While the elections are coming closer, the political agenda is getting busier in Turkey. Amongst many developments in this regard over the past week, one is particularly interesting with regard to the electoral competition between the AK Party and HDP – the two major parties that share the votes of Turkey’s Kurdish constituency.
Huda-Par, a minor ethnic Kurdish party, had already declared that it would not be a part of the AK Party-led electoral coalition (which means that it will run for the parliamentary elections separately from the AK Party-MHP-BBP bloc also known as Cumhur Ittifaki). Nevertheless, this week Huda-Par announced that it will support AK Party leader Erdogan in the presidential elections, which will be held on the same day as parliamentary elections. While the color of the Kurdish votes in Turkey is the key to the electoral outcome, this recent move by Huda-Par deserves a closer look.
The Free Cause Party (Huda- Par or Hür Dava Partisi) is one of the many ethnic Kurdish parties in Turkey. The party was found in 2012 and has been active in the Turkish political landscape since then. In fact, the party has a troubled past given the allegations about its connection to the Kurdish Hizbullah, a terrorist organization which was responsible from multiple kidnapping and murder cases during the 1990s. Some see the party as a continuation of Kurdish Hizbullah, some see Hizbullah and Huda-Par totally unrelated, and some see Huda-Par as an output of an evolution from a radical violent organization to a peaceful political party. While there is no consensus on the relationship between the two organizations, the prevailing idea is that the two are not totally unconnected. Nevertheless, it is also a common understanding that the party as of today shows no intention to initiate or support a violent campaign and, hence, it is a legitimate member of Turkey’s league of political parties.
Huda-Par has so far failed to catch the voters’ attention as the Kurdish constituency of Turkey tend to split their votes between the incumbent AK Party and the secular ethic party HDP. On average, the AK Party receives the votes of conservative Kurds while the HDP attracts secular and ethnic nationalist Kurds. Huda-Par is ideologically somewhere between the AK Party and the HDP. It has both ethnic nationalist and conservative tendencies. To some, the party is beyond mere conservatism and can be called Islamist for its emphasis over the Islamic ummah, the Palestine cause, and the call for a system that will enable the Islamic way of life.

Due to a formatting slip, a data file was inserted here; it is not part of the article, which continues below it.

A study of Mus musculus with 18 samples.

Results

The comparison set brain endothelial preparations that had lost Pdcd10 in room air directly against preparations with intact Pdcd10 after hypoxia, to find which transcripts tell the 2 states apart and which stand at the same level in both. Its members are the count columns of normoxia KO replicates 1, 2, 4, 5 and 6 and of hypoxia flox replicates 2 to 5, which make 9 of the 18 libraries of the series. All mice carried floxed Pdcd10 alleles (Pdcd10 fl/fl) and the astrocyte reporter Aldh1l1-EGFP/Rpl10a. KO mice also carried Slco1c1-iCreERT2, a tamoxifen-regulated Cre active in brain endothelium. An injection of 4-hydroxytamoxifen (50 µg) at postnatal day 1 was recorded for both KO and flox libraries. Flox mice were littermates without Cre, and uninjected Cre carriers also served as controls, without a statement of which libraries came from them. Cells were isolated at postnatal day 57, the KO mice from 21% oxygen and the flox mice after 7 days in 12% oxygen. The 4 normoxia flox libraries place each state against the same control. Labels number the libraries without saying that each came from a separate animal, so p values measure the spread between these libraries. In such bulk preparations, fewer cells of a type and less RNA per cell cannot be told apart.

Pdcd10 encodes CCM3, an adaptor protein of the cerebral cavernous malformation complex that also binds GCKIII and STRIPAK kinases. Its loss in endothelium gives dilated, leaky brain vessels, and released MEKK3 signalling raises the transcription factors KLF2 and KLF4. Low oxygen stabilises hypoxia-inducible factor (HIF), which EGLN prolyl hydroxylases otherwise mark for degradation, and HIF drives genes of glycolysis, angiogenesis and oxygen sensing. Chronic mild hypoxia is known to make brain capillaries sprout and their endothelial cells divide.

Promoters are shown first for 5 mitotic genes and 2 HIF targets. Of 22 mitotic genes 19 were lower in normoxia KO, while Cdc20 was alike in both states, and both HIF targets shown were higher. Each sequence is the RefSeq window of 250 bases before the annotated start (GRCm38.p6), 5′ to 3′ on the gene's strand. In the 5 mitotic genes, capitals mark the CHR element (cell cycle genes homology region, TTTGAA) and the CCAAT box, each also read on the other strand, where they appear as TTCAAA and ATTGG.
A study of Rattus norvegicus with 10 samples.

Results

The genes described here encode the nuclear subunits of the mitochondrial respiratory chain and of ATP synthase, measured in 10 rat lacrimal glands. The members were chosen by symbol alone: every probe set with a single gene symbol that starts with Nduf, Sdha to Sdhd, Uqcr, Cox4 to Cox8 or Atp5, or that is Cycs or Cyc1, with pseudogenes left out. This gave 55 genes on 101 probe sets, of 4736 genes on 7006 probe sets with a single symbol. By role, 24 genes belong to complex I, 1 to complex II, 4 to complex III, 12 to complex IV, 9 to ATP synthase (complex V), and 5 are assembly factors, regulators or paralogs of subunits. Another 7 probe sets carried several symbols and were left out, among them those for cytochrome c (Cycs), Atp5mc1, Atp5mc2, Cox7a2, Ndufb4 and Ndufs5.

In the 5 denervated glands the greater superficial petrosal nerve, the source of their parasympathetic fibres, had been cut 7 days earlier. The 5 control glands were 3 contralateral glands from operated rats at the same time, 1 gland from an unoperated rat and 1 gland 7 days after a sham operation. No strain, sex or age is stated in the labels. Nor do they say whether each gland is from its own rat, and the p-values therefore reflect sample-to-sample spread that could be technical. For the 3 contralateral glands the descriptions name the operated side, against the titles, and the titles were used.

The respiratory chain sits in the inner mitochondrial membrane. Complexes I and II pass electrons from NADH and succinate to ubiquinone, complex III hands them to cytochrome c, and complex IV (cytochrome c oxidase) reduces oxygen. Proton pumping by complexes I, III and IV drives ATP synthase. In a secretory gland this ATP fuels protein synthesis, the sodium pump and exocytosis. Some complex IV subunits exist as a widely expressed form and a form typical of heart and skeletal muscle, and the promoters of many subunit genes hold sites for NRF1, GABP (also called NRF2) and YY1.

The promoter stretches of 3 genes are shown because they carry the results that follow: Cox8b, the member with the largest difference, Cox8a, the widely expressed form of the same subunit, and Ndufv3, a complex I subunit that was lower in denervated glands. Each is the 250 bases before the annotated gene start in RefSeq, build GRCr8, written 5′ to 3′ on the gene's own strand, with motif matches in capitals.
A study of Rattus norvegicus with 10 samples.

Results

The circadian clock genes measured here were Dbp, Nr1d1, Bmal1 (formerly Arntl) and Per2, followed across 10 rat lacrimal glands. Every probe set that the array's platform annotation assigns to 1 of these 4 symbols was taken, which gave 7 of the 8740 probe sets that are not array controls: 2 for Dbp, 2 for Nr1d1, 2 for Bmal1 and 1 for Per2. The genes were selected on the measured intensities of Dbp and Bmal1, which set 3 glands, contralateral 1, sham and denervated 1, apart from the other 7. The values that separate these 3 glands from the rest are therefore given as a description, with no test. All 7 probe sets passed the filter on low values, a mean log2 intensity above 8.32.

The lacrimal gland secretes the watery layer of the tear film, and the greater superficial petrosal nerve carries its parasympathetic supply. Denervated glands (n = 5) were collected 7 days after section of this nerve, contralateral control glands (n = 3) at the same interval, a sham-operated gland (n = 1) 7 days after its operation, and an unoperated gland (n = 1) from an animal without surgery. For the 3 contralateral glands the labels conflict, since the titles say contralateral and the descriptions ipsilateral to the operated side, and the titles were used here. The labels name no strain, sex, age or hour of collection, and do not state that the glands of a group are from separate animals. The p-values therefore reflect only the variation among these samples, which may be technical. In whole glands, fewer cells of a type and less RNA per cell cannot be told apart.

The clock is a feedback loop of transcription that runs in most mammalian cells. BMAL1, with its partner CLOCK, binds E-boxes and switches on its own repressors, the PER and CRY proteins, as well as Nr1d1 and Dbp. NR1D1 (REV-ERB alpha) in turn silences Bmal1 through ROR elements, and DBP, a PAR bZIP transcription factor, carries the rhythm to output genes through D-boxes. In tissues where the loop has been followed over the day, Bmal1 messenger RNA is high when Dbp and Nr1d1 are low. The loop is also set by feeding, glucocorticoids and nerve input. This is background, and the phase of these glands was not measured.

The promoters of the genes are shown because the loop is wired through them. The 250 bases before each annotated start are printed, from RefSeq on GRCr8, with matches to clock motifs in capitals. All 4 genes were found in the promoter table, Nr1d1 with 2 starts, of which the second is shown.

The distinction between Huda-Par’s Islamism and the AK Party’s conservativism might require further explanation. While both parties cherish Islamic values, the AK Party does so in a more conservative way. For the AK Party, Turkey should conserve its national culture and must not lose its connection with the country’s centuries long history going back to the Ottoman era. Islam has a central place in Turkey’s national culture and this culture must be protected according to the AK Party. But it is more like a conservative interpretation of Islam, or as some call it, the Turkish-Islam synthesis, which is quite peaceful with the secular character of the state and has nothing to do with the salafi interpretation of Islam.
Huda-Par seems to be more troubled with both the Turkish-Islam synthesis and many secular laws and regulations of the country. Hence, while the two parties ideologically differ, as one is merely conservative and the other more inclining toward Islamism, they share the emphasis over the role of Islam in society and both parties propagate conservative social policies. Among such policies one can count promoting the role of religion in the education of children, holding an anti-abortion stance, and policies aiming to minimize drug and alcohol consumption.
What does it mean for the AK Party to receive the support of Huda-Par in the presidential elections? At the end of the day, Huda-Par is just a minor party that cannot compete with the AK Party or the HDP for the Kurdish constituency. Nevertheless, Huda-Par’s decision to support Erdogan signals to the Kurdish constituency that this election is not between Turks and Kurds but between those that cherish Islam and those who do not.
Huda-Par’s approval of Erdogan also sends a signal to some confused, conservative or perhaps even Islamist but also Kurdish nationalist youth. It tells the Kurdish constituency that Erdogan’s electoral coalition with the Turkish nationalist MHP does not require conservative Kurdish nationalists to vote for other presidential candidates. This message means more than sheer numbers.
Huda-Par’s call will not only mobilize its own voters to vote for Erdogan, but it also sends a signal to the broader Kurdish masses. In other words, Huda-Par has signaled to the conservative Kurdish voters that Erdogan is still the closest candidate to them. How this message will be received will determine the winner of Turkey’s Kurdish votes, and perhaps even the winner of the presidential elections on June 24.